The red pill would have been better for your health, Lance
The human brain is an amazing thing. We cram it full of stuff and nonsense and song lyrics and daydreams and it rummages through the facts and factoids and sorts them into some sort of worldview.
We commit to that worldview; we get too attached. It’s called confirmation bias. We hunt down and prioritise information that reinforces what we already hold to be true; we ignore or dismiss that which threatens the edifice we’ve built from half-formed thoughts and snippets of Alan Jones.
My brain has eagerly absorbed dozens of headlines proclaiming that red wine and chocolate are good for you. But my Pollyanna grey matter blithely skips the ‘only in moderation’ footnote. It even hurt to write that, to be honest. That’s the pang of cognitive dissonance.
We prefer to pick the blue pill of blissful ignorance over the red pill of painful truth.
One of the most impressive things – perhaps the only impressive thing left - about Lance Armstrong is the strength of his self belief. He has been, for so long, the naked Emperor strutting down the street … and threatening to sue the bejesus out of the young child who cried ‘but he’s in the nuddy!’.
Wayyyy too many blue pills, Lance.
Sometimes -rarely, but sometimes – we can be shocked out of our little worldview cocoons. Take US President Barack Obama’s proposed gun laws, for example.
The United States are sniffing around the red pill. The Sandy Hook massacre, all those senseless deaths, has begun to dispel the mass delusion that wielding a deadly assault weapon is a human right.
But it’s amazing how hard some will fight to keep their set of beliefs intact.
There’s the National Rifle Association’s fierce lobbying, the cherrypicking of statistics on gun-related crimes, the mindless mantra of ‘guns don’t kill people’. The incapacity to see the link between guns and death, to accept a gun as a single-purpose instrument of death.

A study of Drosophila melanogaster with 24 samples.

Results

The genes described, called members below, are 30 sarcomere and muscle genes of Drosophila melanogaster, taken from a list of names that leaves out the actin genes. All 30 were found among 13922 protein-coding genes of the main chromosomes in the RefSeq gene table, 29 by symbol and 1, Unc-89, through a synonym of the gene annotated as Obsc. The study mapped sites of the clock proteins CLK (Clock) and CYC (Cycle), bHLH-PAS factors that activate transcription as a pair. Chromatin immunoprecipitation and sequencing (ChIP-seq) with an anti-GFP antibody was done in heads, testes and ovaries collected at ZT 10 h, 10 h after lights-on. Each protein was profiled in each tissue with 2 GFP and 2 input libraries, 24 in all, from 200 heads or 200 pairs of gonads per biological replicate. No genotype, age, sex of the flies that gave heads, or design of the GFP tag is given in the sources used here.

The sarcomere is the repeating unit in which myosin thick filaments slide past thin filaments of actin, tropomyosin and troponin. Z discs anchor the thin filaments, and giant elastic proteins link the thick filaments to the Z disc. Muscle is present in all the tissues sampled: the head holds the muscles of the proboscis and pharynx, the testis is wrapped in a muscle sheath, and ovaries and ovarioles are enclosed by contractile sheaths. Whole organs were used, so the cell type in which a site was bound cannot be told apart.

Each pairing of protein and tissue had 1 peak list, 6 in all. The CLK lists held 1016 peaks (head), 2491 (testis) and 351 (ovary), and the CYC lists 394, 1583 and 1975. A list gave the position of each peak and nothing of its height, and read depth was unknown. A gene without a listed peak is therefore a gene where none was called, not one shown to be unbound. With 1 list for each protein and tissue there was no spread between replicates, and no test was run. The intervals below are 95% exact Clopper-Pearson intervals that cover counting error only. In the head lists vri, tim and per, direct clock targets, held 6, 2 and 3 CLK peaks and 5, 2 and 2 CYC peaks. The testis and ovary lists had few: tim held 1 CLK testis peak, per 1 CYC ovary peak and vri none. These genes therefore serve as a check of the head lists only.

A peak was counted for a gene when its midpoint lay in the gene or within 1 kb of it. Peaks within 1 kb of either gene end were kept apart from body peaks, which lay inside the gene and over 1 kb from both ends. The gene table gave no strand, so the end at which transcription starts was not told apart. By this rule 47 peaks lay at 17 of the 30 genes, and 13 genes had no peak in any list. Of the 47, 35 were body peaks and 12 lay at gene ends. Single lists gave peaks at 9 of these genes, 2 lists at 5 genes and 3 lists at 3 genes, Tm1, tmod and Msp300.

And then, in a deliciously entertaining but ultimately dangerous dedication to the cause, there’s the new ‘Truther’ movement, the conspiracy theorists who believe the massacre was either staged or faked just so the Government had an excuse to disarm the people.
You know how it goes; we’ve seen it all before. The idea of a random attack is too terrifying for our pattern-loving brains to accept. There must be another explanation, our synapses squawk.
Conspiracy theory expert Professor Stephan Lewandowsky, from the University of Western Australia, said reality is so messy and scary that some people are comforted by the belief that a shooting or a terrorist attack is all part of some grander plot.
Author Alan Moore says, ominously, that the uncomfortable truth is that the world really is chaotic.
“The truth is that it is not The Iluminati, or The Jewish Banking Conspiracy, or the Gray Alien Theory,” he said.
“The truth is far more frightening - Nobody is in control.
“The world is rudderless.”
Accepting the messy truth of reality is more important than ever in this age of moral relativism and false equivalencies, where someone’s moonbat blog on astral travel has more readers than the average science journal.
Our policymakers are prone to confirmation bias, too. And even more prone to trying to keep electorates happy. Sometimes they can use a circuit breaker like Sandy Hook to make a breakthrough on creating a better world. Sometimes they’re just opportunistic and use any excuse to more closely mould our society to their own vision.
Prof Lewandowsky warns that merely jamming in more information doesn’t stop the misinformation; and can even strengthen a person’s entrenched views. Scientists are working on ways to better break the confirmation bias stranglehold, but it’s not easy.
In the meantime, be careful what you put in that brain of yours; the better the quality of the stuff you pack in, the better the thoughts you’ll get out.